The latest incarnation for the company comes as it has struggled to replicate the success of its daily deals business. Discounts to spas, restaurants and retail outlets catapulted LivingSocial into a multinational corporation, but creating new revenue streams that help it stay there has proven to be a challenge.
This isn’t the company’s first foray into non-daily deals. LivingSocial tried out a real-time deal service in 2011 that allowed customers to see short-term deals, some as long as a couple hours, in their immediate vicinity. That was discontinued a year later.
Still, executives expect the move away from daily-only deals will fundamentally alter the way LivingSocial interacts with its two key constituents: subscribers and merchants.
The former will now have more deals to scour and potentially buy. Executives hope the volume of deals alone will equate to more sales, and thus, more revenue. But the change is more substantive than that, executives assert.
Before, LivingSocial was in the business of “generating demand,” meaning they put deals in front of subscribers that they weren’t seeking otherwise and goad them into making an impulse purchase. Few people wake up itching to go skydiving for example, but LivingSocial aimed to give you that desire each time you opened one of its e-mails.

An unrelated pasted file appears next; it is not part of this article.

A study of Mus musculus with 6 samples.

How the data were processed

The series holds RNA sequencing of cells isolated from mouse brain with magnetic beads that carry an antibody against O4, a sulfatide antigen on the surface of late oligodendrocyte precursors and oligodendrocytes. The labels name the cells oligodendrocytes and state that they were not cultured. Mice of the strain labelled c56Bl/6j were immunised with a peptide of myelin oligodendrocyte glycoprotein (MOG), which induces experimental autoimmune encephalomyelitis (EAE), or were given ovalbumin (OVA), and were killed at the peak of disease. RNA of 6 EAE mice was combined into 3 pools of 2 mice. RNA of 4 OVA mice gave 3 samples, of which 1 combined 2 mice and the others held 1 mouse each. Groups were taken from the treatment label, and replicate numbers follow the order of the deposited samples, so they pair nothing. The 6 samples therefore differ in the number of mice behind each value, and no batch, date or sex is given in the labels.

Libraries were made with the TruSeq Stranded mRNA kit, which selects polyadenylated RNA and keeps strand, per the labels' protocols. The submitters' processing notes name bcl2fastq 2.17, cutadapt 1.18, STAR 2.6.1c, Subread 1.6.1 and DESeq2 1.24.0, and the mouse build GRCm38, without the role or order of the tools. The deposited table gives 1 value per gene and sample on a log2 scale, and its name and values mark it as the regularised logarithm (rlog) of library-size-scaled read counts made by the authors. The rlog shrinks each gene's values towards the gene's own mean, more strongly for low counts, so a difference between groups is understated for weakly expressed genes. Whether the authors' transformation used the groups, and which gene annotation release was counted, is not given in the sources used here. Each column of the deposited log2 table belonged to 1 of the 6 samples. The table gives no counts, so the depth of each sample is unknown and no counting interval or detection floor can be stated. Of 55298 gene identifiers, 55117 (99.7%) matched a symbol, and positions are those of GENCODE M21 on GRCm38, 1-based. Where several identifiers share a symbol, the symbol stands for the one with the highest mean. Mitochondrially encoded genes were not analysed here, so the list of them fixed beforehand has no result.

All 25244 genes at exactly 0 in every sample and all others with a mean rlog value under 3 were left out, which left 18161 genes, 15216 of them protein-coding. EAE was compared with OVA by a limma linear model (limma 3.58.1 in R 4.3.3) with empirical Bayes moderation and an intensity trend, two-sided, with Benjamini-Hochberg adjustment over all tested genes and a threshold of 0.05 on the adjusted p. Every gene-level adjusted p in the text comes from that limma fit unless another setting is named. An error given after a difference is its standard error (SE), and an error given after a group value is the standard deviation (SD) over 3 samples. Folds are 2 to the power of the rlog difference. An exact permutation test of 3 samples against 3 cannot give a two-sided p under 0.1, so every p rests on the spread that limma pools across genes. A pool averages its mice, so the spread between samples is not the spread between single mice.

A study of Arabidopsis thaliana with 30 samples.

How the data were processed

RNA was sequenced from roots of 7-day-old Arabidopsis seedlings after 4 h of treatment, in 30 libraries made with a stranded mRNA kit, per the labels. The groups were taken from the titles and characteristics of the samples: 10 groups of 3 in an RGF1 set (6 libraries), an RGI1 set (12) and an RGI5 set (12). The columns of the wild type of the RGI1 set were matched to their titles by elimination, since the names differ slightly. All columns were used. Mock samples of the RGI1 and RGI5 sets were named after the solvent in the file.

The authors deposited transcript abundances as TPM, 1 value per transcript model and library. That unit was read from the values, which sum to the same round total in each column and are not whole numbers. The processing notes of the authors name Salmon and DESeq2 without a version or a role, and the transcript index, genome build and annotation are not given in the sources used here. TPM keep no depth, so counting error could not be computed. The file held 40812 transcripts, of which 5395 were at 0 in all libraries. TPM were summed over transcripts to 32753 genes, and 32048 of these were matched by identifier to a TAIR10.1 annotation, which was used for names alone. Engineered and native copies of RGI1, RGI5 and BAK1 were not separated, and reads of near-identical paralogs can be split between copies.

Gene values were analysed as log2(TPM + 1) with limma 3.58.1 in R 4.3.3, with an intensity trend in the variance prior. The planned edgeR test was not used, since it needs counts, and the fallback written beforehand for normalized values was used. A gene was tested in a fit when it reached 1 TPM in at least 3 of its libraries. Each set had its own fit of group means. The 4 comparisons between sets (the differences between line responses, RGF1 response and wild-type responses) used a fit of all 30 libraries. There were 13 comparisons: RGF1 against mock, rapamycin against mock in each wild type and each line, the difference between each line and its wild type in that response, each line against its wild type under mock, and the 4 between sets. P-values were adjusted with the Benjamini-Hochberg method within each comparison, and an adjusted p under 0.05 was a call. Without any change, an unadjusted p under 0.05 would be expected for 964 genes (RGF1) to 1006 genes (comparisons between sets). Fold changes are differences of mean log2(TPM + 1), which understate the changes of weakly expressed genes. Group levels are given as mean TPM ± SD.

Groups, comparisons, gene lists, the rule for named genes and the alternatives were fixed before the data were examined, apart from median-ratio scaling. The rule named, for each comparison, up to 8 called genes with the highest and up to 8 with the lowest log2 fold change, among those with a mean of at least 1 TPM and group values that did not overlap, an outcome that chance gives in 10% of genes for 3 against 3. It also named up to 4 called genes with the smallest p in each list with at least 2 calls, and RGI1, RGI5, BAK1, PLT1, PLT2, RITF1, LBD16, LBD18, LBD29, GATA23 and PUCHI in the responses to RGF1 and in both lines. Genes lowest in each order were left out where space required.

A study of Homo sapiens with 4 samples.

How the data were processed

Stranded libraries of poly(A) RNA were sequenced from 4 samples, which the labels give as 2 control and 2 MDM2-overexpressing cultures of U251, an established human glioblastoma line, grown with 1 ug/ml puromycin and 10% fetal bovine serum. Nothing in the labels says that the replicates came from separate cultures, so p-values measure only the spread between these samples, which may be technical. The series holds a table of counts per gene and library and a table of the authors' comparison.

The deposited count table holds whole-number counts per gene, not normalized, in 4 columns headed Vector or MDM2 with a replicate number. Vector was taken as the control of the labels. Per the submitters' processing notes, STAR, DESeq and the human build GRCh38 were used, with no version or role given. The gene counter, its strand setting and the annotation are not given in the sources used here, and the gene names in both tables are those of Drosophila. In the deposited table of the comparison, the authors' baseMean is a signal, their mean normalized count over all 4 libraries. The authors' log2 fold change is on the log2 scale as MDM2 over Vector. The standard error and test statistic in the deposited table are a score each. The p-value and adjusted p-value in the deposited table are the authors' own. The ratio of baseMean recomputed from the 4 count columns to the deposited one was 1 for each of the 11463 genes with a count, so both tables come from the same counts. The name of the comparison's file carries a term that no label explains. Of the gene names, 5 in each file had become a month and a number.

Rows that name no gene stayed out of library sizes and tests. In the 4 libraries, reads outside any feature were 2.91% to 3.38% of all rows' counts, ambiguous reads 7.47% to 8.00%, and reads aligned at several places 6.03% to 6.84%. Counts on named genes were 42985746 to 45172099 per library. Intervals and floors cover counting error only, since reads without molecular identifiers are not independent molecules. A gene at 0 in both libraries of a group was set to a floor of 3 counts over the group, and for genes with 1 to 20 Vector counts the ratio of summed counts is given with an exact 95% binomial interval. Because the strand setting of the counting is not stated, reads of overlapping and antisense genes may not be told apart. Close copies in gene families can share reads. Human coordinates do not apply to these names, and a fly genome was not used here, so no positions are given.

The new format allows the company to capture people who already have a demand for a product or service — they plan to get a massage soon or go out to dinner this weekend, for example — but want to shop around for the most compelling or cost-effective option.
“What we hear from consumers is they want more great deals from us, and so a big part of what you’re seeing is greatly expanding the selection of inventory that we’re able to offer our users on a day-in, day-out basis,” said Jake Maas, senior vice president of product and operations.
The company’s travel deals, called Escapes, is among the first categories to be revamped. Last week, the site began serving up an expanded inventory of offers for both packaged getaways and hotel stays. Visitors can now peruse roughly 1,500 options compared with the 200 that were available before.
The shift puts LivingSocial in a line of business already crowded by the likes of Expedia, Kayak.com, Travelocity and Travelzoo. Those sites, among others, offer an even broader selection of vacation packages and travel deals.
Under the new strategy, merchants, meanwhile, will be able to advertise through LivingSocial on an ongoing basis rather than be stuck with one-time promotions. That gives businesses the option to attract new patrons slowly over time rather than responding to a glut of them all at once.
Executives expect the change could create new revenue streams for LivingSocial from merchants that were unwilling to participate in the older model or simply grew tired of it.